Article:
Rep. Jeff Van Drew, a freshman Democratic congressman from a swing district in New Jersey, has been a vocal opponent of the ongoing impeachment process in the House of Representatives. He was one of two Democratic lawmakers to indicate that they will vote against impeachment, the other being moderate Democratic Rep. Collin Peterson (D-Minn.).
Van Drew was allegedly going to make the party switch from Democrat to Republican this coming week, which rumor led BuzzFeed News to call it an abandonment of the Democratic Party. BuzzFeed News’s headline read, “Rep. Jeff Van Drew Will Abandon The Democratic Party While The House Votes To Impeach President Donald Trump.”
BuzzFeed News’s partisan language was jarring since it portrayed Van Drew’s alleged party switch as an abandonment of a party. Instead of calling Van Drew’s party switch an abandonment, BuzzFeed News should have used more neutral and impartial wording, such as “leaving the Democratic Party” or “switching from Democrat to Republican,” to avoid a politicized, dramatic, and partisan tone.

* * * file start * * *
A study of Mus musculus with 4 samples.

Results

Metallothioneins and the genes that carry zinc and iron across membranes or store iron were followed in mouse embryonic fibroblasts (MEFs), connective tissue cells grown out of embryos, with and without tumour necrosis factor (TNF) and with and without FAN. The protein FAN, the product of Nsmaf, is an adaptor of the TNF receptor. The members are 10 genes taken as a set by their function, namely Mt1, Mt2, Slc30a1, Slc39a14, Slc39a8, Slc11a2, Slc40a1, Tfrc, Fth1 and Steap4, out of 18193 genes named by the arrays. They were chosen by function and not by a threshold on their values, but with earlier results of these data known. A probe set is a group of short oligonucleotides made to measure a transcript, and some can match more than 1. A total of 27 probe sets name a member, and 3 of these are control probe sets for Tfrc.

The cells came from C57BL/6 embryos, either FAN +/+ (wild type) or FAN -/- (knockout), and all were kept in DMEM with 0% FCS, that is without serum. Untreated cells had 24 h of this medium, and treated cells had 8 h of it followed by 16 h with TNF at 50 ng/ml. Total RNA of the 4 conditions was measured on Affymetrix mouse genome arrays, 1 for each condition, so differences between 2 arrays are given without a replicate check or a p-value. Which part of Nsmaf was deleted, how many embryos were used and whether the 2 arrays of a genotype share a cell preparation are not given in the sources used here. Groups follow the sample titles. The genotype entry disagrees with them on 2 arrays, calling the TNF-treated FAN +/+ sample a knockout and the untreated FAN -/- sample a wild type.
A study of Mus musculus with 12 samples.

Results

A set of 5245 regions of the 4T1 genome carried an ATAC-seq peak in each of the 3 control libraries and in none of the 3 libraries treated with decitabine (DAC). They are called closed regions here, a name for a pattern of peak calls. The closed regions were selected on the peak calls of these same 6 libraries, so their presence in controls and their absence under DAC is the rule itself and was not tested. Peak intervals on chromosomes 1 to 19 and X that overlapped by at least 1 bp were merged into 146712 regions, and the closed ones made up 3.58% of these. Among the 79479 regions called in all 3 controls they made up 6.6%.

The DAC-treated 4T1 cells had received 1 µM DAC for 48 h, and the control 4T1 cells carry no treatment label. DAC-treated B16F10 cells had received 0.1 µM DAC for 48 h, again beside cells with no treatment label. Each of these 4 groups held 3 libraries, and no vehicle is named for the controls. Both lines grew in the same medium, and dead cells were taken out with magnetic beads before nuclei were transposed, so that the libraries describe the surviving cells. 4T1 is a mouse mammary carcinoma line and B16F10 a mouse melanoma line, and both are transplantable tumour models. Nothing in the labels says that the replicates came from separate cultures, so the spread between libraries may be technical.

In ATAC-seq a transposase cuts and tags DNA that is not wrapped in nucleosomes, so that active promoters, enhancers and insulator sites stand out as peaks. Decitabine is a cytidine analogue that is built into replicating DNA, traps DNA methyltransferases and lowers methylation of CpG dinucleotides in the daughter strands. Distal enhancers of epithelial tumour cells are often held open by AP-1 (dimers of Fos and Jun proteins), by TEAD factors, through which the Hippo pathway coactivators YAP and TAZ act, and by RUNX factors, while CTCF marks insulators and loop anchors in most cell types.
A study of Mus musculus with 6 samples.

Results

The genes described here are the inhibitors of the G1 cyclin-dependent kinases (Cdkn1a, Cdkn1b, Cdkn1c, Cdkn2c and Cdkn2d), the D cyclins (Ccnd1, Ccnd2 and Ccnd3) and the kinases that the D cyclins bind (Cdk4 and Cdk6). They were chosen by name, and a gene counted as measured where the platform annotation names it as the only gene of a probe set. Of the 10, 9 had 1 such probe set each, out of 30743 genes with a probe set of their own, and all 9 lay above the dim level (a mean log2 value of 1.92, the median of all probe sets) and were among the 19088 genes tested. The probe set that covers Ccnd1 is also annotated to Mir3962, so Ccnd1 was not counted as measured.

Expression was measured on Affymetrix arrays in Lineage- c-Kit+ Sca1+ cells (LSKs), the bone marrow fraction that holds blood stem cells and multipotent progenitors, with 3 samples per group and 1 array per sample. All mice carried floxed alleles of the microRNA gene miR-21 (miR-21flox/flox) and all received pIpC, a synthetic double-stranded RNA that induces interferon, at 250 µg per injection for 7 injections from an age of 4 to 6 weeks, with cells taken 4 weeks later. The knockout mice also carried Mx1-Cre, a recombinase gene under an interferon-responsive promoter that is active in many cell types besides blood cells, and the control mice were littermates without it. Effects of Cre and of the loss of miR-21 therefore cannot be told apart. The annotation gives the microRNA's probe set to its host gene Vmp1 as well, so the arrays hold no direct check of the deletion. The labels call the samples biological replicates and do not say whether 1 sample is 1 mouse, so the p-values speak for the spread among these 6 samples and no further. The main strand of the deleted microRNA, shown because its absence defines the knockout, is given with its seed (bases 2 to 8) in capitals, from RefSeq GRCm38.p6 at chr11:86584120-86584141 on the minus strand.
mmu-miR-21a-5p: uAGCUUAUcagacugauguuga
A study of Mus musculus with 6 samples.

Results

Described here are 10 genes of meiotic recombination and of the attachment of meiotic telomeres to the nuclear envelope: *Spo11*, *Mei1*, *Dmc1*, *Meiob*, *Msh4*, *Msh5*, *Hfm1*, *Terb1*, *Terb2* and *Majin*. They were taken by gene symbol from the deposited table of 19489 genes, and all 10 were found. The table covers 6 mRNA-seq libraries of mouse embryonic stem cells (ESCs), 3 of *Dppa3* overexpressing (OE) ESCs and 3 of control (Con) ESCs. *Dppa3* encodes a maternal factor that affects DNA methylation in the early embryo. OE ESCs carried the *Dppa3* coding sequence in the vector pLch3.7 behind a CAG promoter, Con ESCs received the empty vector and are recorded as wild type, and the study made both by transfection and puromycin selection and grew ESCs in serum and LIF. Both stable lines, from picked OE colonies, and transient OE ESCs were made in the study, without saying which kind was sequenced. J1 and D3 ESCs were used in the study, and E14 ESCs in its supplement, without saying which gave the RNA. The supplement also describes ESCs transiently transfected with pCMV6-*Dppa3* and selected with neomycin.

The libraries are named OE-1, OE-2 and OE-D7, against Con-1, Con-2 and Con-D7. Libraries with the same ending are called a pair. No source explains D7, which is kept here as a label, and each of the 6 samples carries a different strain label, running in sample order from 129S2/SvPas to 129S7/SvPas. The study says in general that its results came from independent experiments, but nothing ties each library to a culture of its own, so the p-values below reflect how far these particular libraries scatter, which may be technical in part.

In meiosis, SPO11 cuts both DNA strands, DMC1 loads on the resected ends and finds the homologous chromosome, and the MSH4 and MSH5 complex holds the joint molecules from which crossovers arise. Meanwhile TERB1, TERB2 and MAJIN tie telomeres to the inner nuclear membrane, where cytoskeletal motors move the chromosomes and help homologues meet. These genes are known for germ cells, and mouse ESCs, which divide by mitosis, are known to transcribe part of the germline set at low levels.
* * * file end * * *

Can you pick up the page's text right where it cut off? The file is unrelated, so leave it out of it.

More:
In the same article, BuzzFeed News wrote that Van Drew represents a “longtime Republican district” and yet BuzzFeed News failed to acknowledge that if Van Drew went against his Republican constituents, he would probably lose re-election in 2020. Republican voters tend to support President Trump and disapprove of impeachment, as polling showed in recent weeks.
Historically, it is rare for politicians to switch party affiliations. Parker Griffith, an Alabama Congressman, switched from Democrat to Republican in 2009. But headlines were fairer towards him than Van Drew, with Politico’s headline read as, “Griffith faults Pelosi for switch.” HuffPost ran a story headlined, “Rep. Parker Griffith Switches Parties, Becomes Republican.” Both of these headlines were factual and less partisan than BuzzFeed News’s headline.
Overall, BuzzFeed News’s sensational headline on Rep. Van Drew’s alleged impending party switch reeked of partisan rhetoric instead of the neutral and impartial journalism that American readers and audiences desire.